In the first part of my series on smuggling, I defined the two types of smuggling, which are outright and technical smuggling. And while outright smuggling could already be a thing of the past, technical smuggling, however, is still very much being done in customs bonded warehouses (CBW) and economic zones.
How is smuggling done in CBWs then? As defined, a bonded warehouse is a building or other secured area in which dutiable goods maybe stored, manipulated or undergo manufacturing operations without payment of duty. It may be managed by the state or by private enterprise, of which, in the latter case, a customs bond must be posted with the government.
As such, smuggling in CBWs is being done by some manufacturers through its manipulation of the formula of manufacture. Manfacturers and some government officials connive to overstate or increase the manufacturer’s wastage factor so that a large portion of what are supposed to be wastages, would eventually find its way into the local market and sold practically untaxed, depriving the government of its much-needed revenues, and at the same time adversely affecting the local manufacturing industry.
A classic example of this scheme was the “modus” used by a manufacturer of tin cans for reexport, which we uncovered after getting suspicious of the declared wastage in its formula of manufacture. The company declared a 30 percent wastage when average industry wastage was only about 3 percent. Hence, the tin-can manufacturer would only be accountable to reexport finished tin cans that would be equivalent to 70 percent of its total duty-free importation of tin plates. The remaining 27 percent of its bloated wastage factor were being sold as finished tin cans locally, even if the duties and taxes of its tin-plate importations were not paid.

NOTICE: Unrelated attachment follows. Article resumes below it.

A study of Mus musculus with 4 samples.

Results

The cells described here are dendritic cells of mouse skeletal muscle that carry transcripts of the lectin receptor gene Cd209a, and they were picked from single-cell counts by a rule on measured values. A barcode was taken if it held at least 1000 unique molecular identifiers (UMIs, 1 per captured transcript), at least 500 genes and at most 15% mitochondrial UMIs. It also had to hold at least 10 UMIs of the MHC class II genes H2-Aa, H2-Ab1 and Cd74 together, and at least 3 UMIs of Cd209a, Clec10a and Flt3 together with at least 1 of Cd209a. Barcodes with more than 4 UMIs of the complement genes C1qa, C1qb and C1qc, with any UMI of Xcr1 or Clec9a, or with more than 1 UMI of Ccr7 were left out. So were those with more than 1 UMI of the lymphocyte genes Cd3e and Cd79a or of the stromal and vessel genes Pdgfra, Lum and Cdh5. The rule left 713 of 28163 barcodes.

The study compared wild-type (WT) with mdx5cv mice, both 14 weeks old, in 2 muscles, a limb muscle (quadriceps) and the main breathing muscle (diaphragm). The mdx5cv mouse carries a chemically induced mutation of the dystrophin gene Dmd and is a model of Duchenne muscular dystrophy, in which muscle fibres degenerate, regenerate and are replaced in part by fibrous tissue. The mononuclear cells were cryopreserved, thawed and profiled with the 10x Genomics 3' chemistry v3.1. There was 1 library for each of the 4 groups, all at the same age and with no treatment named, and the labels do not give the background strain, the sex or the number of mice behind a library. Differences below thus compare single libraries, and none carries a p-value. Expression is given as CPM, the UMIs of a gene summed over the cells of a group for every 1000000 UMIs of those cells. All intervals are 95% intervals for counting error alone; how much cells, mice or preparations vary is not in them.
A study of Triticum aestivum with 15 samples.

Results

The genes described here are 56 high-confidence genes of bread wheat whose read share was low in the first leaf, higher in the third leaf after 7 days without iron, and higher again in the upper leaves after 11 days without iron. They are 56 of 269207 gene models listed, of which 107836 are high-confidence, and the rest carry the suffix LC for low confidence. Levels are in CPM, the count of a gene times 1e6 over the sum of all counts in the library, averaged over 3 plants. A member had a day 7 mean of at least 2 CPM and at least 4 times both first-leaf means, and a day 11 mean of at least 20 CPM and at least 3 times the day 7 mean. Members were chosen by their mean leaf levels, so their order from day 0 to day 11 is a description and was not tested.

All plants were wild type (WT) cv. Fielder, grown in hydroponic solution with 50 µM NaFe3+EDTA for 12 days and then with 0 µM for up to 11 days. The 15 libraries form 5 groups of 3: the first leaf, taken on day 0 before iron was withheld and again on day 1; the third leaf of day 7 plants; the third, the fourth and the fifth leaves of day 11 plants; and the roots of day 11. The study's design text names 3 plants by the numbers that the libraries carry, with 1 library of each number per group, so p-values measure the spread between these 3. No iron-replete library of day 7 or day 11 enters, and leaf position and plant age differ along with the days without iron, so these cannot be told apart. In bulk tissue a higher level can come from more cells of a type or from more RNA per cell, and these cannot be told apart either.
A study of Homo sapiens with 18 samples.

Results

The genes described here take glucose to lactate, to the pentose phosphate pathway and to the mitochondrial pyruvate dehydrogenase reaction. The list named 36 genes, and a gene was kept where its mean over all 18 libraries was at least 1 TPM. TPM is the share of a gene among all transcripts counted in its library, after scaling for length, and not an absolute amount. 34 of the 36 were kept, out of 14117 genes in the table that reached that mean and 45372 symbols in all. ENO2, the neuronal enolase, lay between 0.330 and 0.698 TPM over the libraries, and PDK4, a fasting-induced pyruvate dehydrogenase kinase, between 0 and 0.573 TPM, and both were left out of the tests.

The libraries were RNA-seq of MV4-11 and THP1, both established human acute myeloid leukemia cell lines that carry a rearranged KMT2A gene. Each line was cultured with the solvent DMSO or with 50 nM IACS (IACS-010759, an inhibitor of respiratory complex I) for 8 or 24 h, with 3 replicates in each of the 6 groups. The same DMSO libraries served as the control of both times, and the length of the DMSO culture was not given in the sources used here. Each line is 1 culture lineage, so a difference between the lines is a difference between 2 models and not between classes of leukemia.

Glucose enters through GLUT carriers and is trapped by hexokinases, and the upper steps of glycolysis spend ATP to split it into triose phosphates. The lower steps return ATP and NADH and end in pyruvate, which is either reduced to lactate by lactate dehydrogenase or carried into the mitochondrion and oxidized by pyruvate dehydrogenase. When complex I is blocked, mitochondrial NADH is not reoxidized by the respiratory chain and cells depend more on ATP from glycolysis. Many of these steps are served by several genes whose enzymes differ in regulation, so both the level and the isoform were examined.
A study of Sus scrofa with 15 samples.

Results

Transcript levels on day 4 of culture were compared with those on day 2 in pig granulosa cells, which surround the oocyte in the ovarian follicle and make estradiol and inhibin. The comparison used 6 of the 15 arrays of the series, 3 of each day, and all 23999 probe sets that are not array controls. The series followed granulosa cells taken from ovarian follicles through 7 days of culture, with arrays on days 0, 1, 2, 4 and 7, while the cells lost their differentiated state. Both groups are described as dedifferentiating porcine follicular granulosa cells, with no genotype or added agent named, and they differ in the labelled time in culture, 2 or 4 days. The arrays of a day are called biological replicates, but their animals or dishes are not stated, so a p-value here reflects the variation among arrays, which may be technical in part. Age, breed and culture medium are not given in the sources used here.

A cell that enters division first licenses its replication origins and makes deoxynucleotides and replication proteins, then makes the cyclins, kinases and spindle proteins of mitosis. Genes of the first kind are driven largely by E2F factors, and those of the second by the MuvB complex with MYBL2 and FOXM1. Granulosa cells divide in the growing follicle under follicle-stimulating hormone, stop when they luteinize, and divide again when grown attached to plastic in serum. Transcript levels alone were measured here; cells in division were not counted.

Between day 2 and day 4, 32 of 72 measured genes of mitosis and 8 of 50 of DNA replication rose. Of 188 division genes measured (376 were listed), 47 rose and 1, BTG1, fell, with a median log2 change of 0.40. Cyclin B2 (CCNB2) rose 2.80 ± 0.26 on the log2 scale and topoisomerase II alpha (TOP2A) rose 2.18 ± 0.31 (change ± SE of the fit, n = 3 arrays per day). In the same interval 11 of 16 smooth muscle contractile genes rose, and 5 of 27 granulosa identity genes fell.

To curb this smuggling scheme, CBW operators and manufacturers importing through the warehousing entry should be required to submit to the Bureau of Customs (BOC) and the Department of Trade and Industry (DTI) their quarterly performance report, including the list of machinery that they have and their corresponding rated production capacity. A periodic audit by BOC on the CBW should also be conducted. And most important, the process of certifying the formula of manufacture by concerned government agencies must be revisited. An actual process should be undertaken to determine the wastage factor in the presence of representatives from both the government and private sectors.
‘Ukay-ukay’ smuggling at economic zones
Another classic-smuggling scheme at economic zones that we uncovered, was our discovery of the smuggling activities of a manufacturer of industrial rugs for reexport at the Subic Freeport Zone. In particular, this Subic locator underdeclared the volume of one of its importations of used clothing at only 10 metric tons (MT), when its actual volume was 20 MT. The imported used clothing would be used in the production of industrial rugs.
The underdeclaration made the Subic locator only accountable to reexport finished industrial rugs that would be equivalent to 10 MT of its 20-MT importation of used clothing. The other 10 MTcould eventually get into the local “ukay-ukay” market and sold to consumers, circumventing the law against the importation of used clothing and putting the health of countless Filipinos at risk.
Fighting smuggling is a tedious and continuous process. And as we continuously figure out measures to prevent smuggling, smugglers for their part, are also continuously developing new schemes to circumvent the country’s anti-smuggling laws. Government law enforcers and the private sector should, therefore, be vigilant and always be on the lookout for these types of illegal activities.